Mongolia air pressure record

A new world record for high air pressure has provisionally been set in a high mountain valley in Mongolia.

An automatic weather station in Tsetsen-Uul, western Zavkhan province, recorded a mean sea-level pressure of 1,094.3 millibars along with bitter temperatures of -45.5C (50F).

If verified, it will top the previous world record of 1089.4 millibars also set in Mongolia exactly 16 years ago on Dec. 30.

Stephen Burt, a research fellow in meteorology at the University of Reading, told The Independent: "This looks as if it's a genuine record, it's from an official synoptic reporting station.

"There are other stations that are reporting very high pressures as well. So this isn't just a reading error or a transmission error.

"It's common at this time of year, right in the mid-winter, to get these very large extensive high pressure areas right over the continent," continued Burt.

"Mongolia is a long way away from the sea, it's got very little influence from the relatively warm ocean. The air gets very cold, the pressure gets very high and very sluggish, so it ends up sitting in an area.

"Because the high pressure tends to have little to no cloud in it, the air tends to get colder and colder because all the heat is escaping out into space. So, the pressure tends to get a bit higher every day and that goes on until spring, when the sun comes back and starts to warm the ground and the pressure begins to drop."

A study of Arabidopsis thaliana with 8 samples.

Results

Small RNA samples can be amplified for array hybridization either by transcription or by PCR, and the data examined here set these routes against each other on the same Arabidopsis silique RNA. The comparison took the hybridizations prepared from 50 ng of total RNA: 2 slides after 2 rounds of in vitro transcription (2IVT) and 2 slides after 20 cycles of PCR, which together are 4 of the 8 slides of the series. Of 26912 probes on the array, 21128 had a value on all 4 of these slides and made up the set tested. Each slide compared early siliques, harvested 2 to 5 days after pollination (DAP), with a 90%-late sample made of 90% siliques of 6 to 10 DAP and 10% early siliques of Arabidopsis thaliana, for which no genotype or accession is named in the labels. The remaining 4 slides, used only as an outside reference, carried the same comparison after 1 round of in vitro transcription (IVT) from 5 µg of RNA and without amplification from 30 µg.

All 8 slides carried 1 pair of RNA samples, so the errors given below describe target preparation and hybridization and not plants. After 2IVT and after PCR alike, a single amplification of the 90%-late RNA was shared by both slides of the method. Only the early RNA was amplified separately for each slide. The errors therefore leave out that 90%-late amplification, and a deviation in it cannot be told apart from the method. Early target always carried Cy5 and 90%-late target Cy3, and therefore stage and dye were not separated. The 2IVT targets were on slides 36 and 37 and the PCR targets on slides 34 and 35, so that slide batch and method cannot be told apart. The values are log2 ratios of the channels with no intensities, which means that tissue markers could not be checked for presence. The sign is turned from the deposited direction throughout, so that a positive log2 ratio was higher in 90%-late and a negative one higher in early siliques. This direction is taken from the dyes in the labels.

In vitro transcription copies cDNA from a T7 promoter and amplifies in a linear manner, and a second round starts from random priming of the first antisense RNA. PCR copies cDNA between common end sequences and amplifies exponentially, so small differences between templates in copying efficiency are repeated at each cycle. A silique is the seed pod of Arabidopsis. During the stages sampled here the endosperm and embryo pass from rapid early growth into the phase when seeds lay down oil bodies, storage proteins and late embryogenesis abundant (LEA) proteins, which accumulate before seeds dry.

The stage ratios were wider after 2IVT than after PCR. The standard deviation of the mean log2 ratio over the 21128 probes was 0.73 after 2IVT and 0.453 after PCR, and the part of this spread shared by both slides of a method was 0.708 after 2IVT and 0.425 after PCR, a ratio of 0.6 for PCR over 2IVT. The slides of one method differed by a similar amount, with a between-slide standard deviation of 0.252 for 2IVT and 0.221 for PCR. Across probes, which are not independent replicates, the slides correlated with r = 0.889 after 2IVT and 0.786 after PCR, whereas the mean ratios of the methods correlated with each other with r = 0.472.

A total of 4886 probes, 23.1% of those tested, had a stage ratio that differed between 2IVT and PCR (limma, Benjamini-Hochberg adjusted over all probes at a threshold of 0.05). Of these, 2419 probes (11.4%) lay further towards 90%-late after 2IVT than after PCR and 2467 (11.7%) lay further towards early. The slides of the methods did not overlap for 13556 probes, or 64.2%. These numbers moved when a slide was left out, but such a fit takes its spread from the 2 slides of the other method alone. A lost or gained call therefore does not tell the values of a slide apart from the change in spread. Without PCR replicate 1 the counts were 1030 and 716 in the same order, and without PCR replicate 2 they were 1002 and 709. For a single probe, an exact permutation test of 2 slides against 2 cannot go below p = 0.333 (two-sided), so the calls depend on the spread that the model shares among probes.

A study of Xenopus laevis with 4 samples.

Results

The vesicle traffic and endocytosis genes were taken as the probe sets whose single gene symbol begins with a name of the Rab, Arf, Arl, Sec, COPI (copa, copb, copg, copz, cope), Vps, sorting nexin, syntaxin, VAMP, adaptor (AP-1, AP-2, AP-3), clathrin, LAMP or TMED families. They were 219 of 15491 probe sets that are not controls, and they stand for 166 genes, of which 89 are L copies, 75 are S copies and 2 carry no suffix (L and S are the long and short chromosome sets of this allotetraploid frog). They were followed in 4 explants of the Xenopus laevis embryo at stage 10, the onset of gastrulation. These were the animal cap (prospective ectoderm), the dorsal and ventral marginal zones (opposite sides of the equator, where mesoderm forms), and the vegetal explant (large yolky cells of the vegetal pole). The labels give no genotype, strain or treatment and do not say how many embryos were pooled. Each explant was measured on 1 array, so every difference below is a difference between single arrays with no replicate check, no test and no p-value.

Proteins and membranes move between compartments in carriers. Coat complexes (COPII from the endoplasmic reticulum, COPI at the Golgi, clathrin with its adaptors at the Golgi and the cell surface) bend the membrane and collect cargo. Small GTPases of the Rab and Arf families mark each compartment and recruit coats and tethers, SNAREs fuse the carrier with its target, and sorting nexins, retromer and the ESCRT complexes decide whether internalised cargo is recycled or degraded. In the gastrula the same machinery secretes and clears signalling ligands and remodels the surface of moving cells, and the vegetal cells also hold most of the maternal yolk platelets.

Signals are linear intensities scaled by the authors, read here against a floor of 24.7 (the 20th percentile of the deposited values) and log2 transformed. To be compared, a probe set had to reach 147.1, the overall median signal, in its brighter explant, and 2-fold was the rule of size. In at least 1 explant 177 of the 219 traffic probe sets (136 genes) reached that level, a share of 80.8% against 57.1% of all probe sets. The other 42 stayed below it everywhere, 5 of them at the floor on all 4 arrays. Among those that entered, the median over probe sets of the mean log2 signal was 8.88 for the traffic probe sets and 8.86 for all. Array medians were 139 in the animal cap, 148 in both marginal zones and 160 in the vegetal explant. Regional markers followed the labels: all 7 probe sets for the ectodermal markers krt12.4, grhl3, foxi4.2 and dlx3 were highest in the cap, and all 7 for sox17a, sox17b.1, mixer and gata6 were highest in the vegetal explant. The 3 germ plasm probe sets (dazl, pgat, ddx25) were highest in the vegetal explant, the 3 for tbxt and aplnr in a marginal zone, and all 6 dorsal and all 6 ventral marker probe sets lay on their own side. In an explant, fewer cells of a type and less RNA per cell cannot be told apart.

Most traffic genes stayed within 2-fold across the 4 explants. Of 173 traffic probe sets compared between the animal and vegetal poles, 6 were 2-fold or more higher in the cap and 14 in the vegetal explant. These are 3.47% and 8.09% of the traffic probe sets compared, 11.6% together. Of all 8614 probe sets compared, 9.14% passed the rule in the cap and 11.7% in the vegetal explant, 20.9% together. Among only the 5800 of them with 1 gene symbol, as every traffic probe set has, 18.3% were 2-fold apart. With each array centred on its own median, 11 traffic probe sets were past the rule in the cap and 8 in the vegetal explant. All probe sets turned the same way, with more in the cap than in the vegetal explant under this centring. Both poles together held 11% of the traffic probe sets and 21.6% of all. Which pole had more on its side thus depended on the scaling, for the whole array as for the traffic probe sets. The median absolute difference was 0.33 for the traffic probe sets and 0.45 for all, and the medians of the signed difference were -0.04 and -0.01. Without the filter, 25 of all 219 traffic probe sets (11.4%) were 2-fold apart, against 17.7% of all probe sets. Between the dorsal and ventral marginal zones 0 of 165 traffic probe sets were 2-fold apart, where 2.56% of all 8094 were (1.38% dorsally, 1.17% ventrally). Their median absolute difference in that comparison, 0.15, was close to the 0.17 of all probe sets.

And although such weather conditions are expected at this time of year, Mr Burt said "it's not normal for it to get as cold as this or for the pressure to get as high".

Temperatures have routinely dipped below -45C (-49F) across the Asian continent over the past few weeks, and in some cases below -50C (-58F).

For more:

Record Cold Hits the Russian Arctic Coast

Oh, and Burt was keen to add this little nugget-I assume to keep his AGW cabal funding in tact: If the new record is verified, it is important to note that it does not mean that the climate crisis isn't affecting the region, he said.

Burt claimed the addition of new weather stations in remote parts of Mongolia are to blame, as new cold extremes are now more likely to be identified than they were before — but this is exactly the point skeptics make: if you spread the weather stations out, removing them from Urban Heat Islands, then you will achieve a much more accurate (and cooler) representation of the average global temperature.

Unfortunately though, logic doesn't appear to be Burt's strong suit, as he concludes: "Climate change certainly doesn't mean that cold extremes are a thing of the past."

No, Burt, it most certainly does not.

The COLD TIMES are returning, the mid-latitudes are REFREEZING in line with historically low solar activity, cloud-nucleating Cosmic Rays, and a meridional jet stream flow.

Both NOAA and NASA appear to agree, if you read between the lines, with NOAA saying we're entering a 'full-blown' Grand Solar Minimum in the late-2020s, and NASA seeing this upcoming solar cycle (25) as "the weakest of the past 200 years", with the agency correlating previous solar shutdowns to prolonged periods of global cooling here.

Furthermore, we can't ignore the slew of new scientific papers stating the immense impact The Beaufort Gyre could have on the Gulf Stream, and therefore the climate overall.

Prepare accordinglylearn the facts, relocate if need be, and grow your own.